Books are great for reading, but they could also be great for investing. The key is to buy a rare book, manuscript or letter. Where do you find them?
Unfortunately, you have to do some leg work, literally. You need to visit charity shops, boot fairs, jumble sales where you can find books for less than a couple of dollars or Euros. These types of outlet treat books as products with little intrinsic value. To find rare manuscripts or letters you’ll have to visit antiquarian or specialist outlets.
After you've made a purchase you’ll want to get some idea of the value. The value of a rare book, manuscript or letter is dependent on its condition, scarcity and demand. Visit an antiquarian or specialist outlet or try Fadedgiant for a guide on value.
You can also look at the Antiquarian Booksellers Association of America. Visit their website to find booksellers who are members of the association.
Values of rare books at auction houses like Bonhams, Christies or Sotheby range from a hundred dollars to millions of dollars/Euros. A George Washington manuscript, on sale this month, is expected to fetch between $2m-$3m at a Christies' auction.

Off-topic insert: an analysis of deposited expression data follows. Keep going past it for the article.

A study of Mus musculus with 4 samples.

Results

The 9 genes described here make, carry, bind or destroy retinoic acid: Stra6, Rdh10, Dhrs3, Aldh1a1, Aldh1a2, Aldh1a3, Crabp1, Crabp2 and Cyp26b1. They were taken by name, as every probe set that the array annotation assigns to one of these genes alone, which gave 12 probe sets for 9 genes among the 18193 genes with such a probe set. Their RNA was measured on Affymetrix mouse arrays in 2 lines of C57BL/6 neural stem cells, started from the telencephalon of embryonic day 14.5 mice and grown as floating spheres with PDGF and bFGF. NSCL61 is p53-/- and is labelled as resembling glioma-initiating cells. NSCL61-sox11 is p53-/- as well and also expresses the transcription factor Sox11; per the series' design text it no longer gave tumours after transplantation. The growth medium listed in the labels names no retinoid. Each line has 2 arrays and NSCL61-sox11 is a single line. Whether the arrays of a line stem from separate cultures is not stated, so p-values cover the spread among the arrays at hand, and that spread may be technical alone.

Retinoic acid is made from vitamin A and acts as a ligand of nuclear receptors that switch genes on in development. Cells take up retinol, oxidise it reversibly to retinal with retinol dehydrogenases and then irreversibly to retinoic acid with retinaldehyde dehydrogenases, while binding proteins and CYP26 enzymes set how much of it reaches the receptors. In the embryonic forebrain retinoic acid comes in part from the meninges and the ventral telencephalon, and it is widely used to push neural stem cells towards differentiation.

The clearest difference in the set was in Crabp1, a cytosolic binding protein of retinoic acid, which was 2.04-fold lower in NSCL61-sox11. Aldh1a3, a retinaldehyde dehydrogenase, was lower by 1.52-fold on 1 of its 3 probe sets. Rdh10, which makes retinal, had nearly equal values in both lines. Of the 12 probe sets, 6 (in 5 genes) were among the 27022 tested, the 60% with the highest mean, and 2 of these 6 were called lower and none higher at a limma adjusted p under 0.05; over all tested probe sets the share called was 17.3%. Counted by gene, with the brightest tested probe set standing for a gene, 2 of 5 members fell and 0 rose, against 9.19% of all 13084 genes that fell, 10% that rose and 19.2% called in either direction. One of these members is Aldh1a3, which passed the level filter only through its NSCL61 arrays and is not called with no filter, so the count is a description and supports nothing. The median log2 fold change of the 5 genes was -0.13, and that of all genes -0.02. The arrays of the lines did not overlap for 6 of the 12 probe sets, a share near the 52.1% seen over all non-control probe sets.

You’re unlikely to come across such a rare manuscript. But, if you find a book for a couple of dollars or Euros and can sell it for a hundred dollars - your return is better than you’ll get on the stockmarket.
If you can get hold of first edition books you may see a return on your investment. Buy old style Penguin paperbacks at jumble sales or boot fairs for a few pence or cents. Look out for turn of the twentieth century authors such as G A Henty, a collectible author, and then sell the books on ebay. Sell the really rare books at the auction houses.
if you actually like the book you’ve bought, how can you lose?